A new permitting system for hikers and backpackers in Oregon’s central Cascade Mountains will finally be implemented this summer, after years of development and a year after it was delayed by the coronavirus pandemic.
The U.S. Forest Service announced Thursday that permits will be required starting May 28 for some of the most popular trails in the Mount Jefferson, Three Sisters and Mount Washington wilderness areas. Permits will be required only during the busiest hiking season, which will end Sept. 24 this year.
Permits are aimed at reducing the number of hikers allowed into those wilderness areas, as a response to overcrowding and human impact on what are supposed to be pristine natural spaces.
The number of permits issued per day will vary from trailhead to trailhead. A full list of the trailheads and the number of permits that will be issued is posted in documentation of the plan online. Day hikers will be charged $1 and backpackers $6 to book a permit online at Recreation.gov, officials said.
Reservations for permits will open at 7 a.m. April 6, forest officials said. However, only a portion of the permits will be made available right away. At least half of all hiking and backpacking permits will be held back and released on a seven-day rolling window throughout the season, allowing for more spontaneous trips.
Permits can also be reserved at Deschutes and Willamatte national forest offices, or by calling 1-877-444-6777, though forest officials are urging people to book their permits at Recreation.gov instead, telling prospective hikers: “go online, don’t stand in line.”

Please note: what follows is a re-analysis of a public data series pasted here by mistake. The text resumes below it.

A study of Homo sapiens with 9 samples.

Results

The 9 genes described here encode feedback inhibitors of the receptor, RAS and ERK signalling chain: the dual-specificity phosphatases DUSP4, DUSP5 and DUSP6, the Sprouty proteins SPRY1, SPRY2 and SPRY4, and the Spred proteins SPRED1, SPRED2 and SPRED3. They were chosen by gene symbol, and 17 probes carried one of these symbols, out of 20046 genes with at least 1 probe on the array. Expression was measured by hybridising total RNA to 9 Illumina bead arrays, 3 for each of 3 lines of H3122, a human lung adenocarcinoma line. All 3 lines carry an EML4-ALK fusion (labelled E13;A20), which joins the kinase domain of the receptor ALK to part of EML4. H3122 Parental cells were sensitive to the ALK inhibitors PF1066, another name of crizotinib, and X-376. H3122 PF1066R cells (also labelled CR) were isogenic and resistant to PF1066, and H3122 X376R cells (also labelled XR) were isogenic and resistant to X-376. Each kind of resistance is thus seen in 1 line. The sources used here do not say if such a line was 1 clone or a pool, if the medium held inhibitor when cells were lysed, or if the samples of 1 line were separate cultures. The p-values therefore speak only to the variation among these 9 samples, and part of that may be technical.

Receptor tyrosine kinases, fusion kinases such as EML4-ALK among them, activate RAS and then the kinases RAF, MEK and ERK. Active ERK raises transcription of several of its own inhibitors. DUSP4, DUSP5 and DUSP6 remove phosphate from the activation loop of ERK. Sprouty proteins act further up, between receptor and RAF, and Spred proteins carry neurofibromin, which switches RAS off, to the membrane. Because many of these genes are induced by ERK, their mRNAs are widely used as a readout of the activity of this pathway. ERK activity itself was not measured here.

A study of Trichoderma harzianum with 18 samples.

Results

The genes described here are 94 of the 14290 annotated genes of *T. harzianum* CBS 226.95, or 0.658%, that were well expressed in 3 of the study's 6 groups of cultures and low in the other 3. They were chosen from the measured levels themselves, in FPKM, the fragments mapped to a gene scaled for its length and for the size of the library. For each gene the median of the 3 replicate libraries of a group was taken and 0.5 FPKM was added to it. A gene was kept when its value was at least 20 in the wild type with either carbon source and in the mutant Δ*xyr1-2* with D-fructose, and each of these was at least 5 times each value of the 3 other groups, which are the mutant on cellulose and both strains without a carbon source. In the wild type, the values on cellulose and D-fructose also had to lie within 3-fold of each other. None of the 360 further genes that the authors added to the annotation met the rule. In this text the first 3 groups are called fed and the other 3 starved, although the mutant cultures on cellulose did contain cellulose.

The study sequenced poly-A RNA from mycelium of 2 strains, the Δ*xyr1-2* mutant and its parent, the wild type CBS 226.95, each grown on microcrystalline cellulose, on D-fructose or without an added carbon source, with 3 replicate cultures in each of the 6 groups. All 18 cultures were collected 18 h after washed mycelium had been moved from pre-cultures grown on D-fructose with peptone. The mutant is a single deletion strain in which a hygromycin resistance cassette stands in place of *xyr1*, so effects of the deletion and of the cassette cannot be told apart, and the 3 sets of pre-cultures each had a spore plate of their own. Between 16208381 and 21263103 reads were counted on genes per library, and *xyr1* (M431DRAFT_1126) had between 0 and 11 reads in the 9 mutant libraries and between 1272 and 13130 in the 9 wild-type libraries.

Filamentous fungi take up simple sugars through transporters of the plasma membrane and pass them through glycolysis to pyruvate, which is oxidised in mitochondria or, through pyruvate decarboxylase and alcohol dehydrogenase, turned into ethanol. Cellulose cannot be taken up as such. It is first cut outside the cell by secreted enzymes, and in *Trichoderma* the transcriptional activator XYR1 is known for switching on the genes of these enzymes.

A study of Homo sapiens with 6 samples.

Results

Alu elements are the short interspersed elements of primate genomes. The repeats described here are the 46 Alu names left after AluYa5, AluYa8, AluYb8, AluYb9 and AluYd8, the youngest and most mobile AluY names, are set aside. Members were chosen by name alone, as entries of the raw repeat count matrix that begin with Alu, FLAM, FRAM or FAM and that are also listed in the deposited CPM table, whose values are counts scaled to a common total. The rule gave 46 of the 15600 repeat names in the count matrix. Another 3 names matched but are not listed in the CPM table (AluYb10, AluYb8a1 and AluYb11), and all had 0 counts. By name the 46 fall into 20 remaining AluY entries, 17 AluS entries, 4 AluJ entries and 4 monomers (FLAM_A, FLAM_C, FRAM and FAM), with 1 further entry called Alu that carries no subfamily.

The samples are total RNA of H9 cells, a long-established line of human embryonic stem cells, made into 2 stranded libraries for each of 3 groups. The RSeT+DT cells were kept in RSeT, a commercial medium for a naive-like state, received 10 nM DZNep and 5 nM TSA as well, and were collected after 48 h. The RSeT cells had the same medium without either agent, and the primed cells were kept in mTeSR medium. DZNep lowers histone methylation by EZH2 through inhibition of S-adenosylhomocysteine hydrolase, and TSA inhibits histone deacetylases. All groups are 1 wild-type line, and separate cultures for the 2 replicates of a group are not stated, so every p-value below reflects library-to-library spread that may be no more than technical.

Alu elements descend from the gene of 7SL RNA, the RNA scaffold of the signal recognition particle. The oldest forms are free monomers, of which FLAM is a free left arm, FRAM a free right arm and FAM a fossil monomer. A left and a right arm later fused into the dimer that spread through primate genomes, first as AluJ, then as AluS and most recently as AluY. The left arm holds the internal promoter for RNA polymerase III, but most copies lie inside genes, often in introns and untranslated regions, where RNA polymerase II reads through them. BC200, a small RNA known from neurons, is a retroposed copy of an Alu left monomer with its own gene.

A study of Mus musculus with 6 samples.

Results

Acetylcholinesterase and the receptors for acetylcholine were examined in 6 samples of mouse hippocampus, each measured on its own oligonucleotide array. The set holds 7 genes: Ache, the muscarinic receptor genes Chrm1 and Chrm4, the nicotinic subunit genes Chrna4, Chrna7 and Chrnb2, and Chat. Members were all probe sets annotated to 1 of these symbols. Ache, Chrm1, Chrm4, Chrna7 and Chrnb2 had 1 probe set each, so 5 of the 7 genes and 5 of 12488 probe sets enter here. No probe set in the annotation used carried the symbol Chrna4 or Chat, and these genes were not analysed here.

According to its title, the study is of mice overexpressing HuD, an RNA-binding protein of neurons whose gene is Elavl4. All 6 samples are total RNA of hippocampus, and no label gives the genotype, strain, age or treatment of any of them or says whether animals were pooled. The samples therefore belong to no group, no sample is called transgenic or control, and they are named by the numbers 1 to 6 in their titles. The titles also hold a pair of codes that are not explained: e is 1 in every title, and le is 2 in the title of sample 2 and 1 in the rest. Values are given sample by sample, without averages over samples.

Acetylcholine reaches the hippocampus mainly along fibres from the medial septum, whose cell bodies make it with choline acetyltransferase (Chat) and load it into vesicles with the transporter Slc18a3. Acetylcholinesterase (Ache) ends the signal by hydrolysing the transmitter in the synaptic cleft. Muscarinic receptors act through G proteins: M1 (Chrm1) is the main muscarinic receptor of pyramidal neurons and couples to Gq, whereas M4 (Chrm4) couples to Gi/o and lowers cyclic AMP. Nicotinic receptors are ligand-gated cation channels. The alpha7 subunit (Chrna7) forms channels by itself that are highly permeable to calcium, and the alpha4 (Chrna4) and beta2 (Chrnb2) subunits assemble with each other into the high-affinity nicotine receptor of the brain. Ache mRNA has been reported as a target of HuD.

Forest officials delayed the launch of new permits as the coronavirus pandemic swept across the Pacific Northwest in 2020, marking another twist to a process that has at times been controversial. When first proposed, the plan was opposed by some central Oregon residents who sought an exemption for locals, fearing they would lose their ability to spontaneously hike the nearby trails.
The original forest service plan called for $3 to $6 fees to reserve permits, but after a public comment period drew backlash from some hikers, officials called off some of the fees. Forest officials also carved out exemptions for hunters, volunteers and thru hikers tackling the Pacific Crest Trail.